09/16/2013 05:54 pm ET Updated Nov 16, 2013

It's (Almost) September 17 -- Do You Know Where Your Constitution Is?

Separation of powers. Federalism. Taxes.

On this Constitution Day, ordinary people may not think they have any say or stake in lofty constitutional matters when we talk about constitutional questions using these terms. And yet, Americans have strongly held opinions about whether the president can or should engage in war (or at least war-like behavior) with Syria without congressional authorization (separation of powers), whether the states or should determine their own marijuana, abortion, and gun laws (federalism), and whether Obamacare is legal (taxes).

The Constitution is probably the last thing on a person's mind when he grabs his gun and calls his dog to head out to the field for a day of hunting, when she makes the difficult decision to obtain an abortion, or when a same-sex couple is lawfully exchanges vows to be legally married. And yet, none of these everyday activities that give our lives meaning would be possible without the constitutional protections that give us these rights. Americans' lived experience touches on constitutional law every day.

The average life span of constitutions around the globe adopted after 1789 is a mere 17 years and yet tomorrow, Sept. 17, 2013, marks the 226th anniversary of the day that the United States' founders signed the Constitution and it became the governing document for these United States of America. Our Constitution provides all Americans a framework in which we conduct our culture wars. Just this year, the Supreme Court decided cases on affirmative action, gay marriage, and voting rights. The peaceful transfer of power and the (relatively) peaceful expression of even abhorrent ideas further demonstrate the power and importance of this founding document.

Very few people are likely to agree with every Supreme Court decision about how these difficult political matters are constitutionally resolved, but we should be united in our appreciation of the constitutional framework which allows us to make these decisions, carry out this transfer of power, and tolerate free speech.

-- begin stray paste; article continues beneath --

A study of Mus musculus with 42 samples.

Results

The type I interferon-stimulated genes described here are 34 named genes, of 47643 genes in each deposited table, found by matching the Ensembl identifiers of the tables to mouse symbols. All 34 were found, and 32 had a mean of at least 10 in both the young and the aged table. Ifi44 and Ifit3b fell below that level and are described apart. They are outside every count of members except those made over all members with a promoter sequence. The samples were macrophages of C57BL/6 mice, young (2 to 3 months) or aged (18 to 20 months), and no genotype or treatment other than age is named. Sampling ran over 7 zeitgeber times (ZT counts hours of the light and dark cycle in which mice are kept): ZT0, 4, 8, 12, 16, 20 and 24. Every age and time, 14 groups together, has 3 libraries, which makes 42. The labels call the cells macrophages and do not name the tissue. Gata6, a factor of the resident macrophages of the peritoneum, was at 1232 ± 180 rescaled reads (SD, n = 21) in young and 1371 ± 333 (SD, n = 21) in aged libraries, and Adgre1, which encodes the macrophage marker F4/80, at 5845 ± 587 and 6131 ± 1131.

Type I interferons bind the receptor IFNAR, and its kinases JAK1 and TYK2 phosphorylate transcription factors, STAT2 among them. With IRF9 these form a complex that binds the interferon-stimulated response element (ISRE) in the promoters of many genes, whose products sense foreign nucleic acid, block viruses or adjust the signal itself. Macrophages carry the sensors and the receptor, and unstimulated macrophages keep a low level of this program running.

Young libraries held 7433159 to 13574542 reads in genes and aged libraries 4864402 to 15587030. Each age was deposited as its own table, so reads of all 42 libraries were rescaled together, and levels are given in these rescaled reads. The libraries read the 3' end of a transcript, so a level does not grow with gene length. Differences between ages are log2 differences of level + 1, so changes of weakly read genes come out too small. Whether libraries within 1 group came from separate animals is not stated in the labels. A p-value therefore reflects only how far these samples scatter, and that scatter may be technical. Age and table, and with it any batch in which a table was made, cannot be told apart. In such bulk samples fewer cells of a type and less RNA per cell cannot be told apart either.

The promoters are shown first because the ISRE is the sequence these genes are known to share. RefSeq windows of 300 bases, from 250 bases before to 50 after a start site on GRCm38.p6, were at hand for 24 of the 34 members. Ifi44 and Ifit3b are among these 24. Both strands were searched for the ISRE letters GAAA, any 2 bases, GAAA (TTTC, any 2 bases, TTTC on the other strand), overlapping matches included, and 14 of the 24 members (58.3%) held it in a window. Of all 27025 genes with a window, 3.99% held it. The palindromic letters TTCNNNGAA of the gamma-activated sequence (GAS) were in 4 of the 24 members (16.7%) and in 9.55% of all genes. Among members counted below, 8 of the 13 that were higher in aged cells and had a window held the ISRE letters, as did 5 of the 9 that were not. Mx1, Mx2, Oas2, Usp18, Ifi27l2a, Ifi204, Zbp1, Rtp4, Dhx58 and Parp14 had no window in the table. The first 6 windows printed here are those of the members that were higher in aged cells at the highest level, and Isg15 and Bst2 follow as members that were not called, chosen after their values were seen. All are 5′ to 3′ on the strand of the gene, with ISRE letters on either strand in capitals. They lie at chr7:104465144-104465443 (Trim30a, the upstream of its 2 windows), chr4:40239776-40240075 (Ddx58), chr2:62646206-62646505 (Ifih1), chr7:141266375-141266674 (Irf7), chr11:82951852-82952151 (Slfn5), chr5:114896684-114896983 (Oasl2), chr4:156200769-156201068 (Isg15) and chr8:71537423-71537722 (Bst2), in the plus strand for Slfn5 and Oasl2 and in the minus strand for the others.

To be sure, there have been constitutional mistakes in the drafting and interpretation of the United States Constitution. Considering human beings to be three-fifths of a person and depriving Americans their freedom on the basis of race are significant and shameful events in U.S. history. And yet, with time, we have learned from our constitutional errors. And they shed new light as we consider new challenges today. Of course, the United States is not the only successful constitutional democracy in the world and there are many great nations who change or redraft the constitution. In fact, an old joke tells of a French citizen asking for a copy of the French Constitution at the library and he is informed that they do not carry periodicals.

Today is Constitution Day; spend some time with it. Whether it is reading it online, watching a cartoon with your young children, something more serious for your older children, ordering your own free copy of the constitution, or attending a Constitution Day event, take a moment to think about the Constitution. In Chicago, at least seven universities are celebrating Constitution Day with events free and open to the public with other terrific events in Washington DC, Philadelphia, Los Angeles, and Houston, to name just a few. Your local college, university, or library likely is sponsoring a Constitution Day event.

It's September 17, and I can tell you where your constitution is. It is all around you.